The water power
Water power is a valuable source of energy. When such fuels as coal, oil, and even nuclear fuels are burned up as a source of energy, they cannot be reused.
Water is the most common substance on earth. It covers more than 70 percent of the earth’s surface. It fills the oceans, rivers, and lakes. And in the ground and in the air we breathe. Water is everywhere.
Without water, there can be no life. Every living thing-plants animals and people – must have water to live. In fact, every living thing consists mostly of water. Your body is about two-thirds water. A chicken is about three-fourths water, and the pineapple is about four-fifths water. Most scientists believe that life itself began in water, in the salty water of the sea.
Ever since the world began, water has been shaping the earth. Rain hammers at the land and washes the soil into rivers. The oceans pound against the shores, chiseling cliffs and carrying away land. Rivers knife through rock, and build up land where they empty into the sea. Glaciers plough valleys and cut down mountains.
Water helps keep the earth’s climate from getting too hot or too cold. Land absorbs and releases heat from the sun quickly. But the oceans absorb and release the sun’s heat slowly. So breezes from the oceans bring warmth to the land in winter and coolness in summer.
Throughout history, water has been people’s slave, and their master. Great civilizations have risen where water supplies were plentiful. They have fallen when these supplies failed. People have killed one another for a muddy water hole. They have worshipped rain gods and prayed for rain. Often, when rains have failed to come, crops have withered and starvation has spread across the land. Sometimes the rains have fallen too heavily and too suddenly. As a result, rivers have overflowed their banks, drowning everything and everyone in their paths.
Today, more than ever, water is both slave and master to people. We use water in our homes for cleaning, cooking, baking, and carrying away wastes. We use water to irrigate dry farmlands so we can grow more food. Our factories use more water than any other material. We use the water in rushing rivers and thundering waterfalls to produce electricity.
Our demand for water is continually increasing. Every year, there are more people in the world. Factories turn out more and more products, and need more and more water. We live in a world of water. But almost all of it, about 97 percent is in the oceans. This water is too salty to be used for drinking, farming, and manufacturing. Only about 3 percent of the world’s water is fresh (unsalty). Most of this water is not easily available to people because it is locked in glaciers and icecaps.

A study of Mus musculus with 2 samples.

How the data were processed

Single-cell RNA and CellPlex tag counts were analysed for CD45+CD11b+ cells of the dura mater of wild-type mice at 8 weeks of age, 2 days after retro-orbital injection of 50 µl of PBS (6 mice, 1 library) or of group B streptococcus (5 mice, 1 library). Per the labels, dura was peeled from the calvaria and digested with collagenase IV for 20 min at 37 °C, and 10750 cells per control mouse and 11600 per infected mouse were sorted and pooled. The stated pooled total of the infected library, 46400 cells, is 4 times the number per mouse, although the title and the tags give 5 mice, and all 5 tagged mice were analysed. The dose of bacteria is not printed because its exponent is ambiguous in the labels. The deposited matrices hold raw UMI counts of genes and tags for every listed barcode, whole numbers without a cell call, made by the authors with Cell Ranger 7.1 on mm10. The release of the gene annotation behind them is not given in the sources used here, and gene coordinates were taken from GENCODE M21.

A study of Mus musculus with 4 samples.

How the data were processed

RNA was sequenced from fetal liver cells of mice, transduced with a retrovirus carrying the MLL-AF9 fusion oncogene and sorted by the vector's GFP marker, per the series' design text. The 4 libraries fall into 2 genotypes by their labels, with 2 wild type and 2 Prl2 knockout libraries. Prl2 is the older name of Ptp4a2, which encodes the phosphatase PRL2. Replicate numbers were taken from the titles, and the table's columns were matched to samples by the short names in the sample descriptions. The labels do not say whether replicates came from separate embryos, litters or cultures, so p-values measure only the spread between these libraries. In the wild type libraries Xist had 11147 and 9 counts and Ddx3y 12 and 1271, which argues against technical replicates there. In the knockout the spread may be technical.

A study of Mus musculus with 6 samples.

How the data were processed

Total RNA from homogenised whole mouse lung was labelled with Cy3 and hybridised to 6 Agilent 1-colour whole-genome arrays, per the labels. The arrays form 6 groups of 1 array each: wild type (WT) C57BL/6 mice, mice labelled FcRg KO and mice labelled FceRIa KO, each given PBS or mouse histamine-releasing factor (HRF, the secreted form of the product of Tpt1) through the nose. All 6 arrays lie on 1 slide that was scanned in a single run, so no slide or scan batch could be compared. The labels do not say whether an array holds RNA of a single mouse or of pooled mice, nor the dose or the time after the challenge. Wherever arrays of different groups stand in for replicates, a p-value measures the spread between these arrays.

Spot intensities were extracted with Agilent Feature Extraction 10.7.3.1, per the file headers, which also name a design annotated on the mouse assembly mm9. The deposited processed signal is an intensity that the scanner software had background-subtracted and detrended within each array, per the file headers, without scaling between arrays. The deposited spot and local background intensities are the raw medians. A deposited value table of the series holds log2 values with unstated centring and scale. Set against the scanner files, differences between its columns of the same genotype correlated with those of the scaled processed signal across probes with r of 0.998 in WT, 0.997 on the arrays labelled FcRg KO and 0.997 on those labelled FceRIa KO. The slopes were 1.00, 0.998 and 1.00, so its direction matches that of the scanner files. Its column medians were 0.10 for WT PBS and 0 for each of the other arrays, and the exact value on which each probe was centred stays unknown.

There is as much water on earth today as there ever was, or ever will be. Almost every drop of water we use finds way to the oceans. There, it is evaporated by the sun. It then falls back to the earth as a rain. Water is used an reused over and over again. It is never used up.
Although the world as a whole has plenty of fresh water, some regions have water shortage. Rain does not fall evenly over the earth. Some regions are always too dry, and others too wet. A region that usually gets enough rain may suddenly have a serious dry spell, and another region may flooded with too much rain.
Some regions have water shortage because the people have managed their supply poorly. People settle where water is plentiful, near lakes and rivers. Cities grow, and factories spring up. The cities and factories dump their wastes into the lakes and rivers, polluting them. Then the people look for new sources of water. Shortage also occur because some cities do not make full use of their supply. They have plenty of water, but they do not have enough storage tanks and distribution pipes to meet the people’s needs.
As our demand for water grows and grows, we will have to make better and better use of our supply. The more we learn about water, the better we will be able to meet this challenge.
Interesting facts about water
How much water is on the earth?
There are about 1.4 thousand million cubic kilometer of water. There are over 0.9 million million liters of water per cubic kilometer.
How much of the earth’s water is fresh?
Only about 3 percent of the earth’s eater is fresh. About three-fourths of the fresh water is frozen in glaciers and icecaps. Glaciers, and icecaps contain as much water as flows in all the earth’s rivers in about 1000 years.
How much water do living things contain?
All living things consist mostly of water. For example, the body of a human being is about 65 percent water. An elephant is about 70 percent water. A potato is about 80 percent water. A tomato is about 95 percent water.
How much water does a person take in over a lifetime?
On the average, a person takes about 60600 liters of water during his or her life.
What are the different forms of water?
Water is the only substance on earth that is naturally present in three different forms. It can be present as a liquid, a solid(ice), and a gas (water vapour).
How much water does a person use every day?
On average, each person in developed country uses about 260 liters of water a day in the home.
What is the largest single use of water?
The largest single use of water is by industry. It takes about 570 liters of water to make the paper for one Sunday newspaper, and about 1340 liters of water per kilogram of aluminium.
Can water ever be used up?
Water is used and reused over and over again, it is never used up. Every glass of water you drink contains molecules of water that have been used countless times before.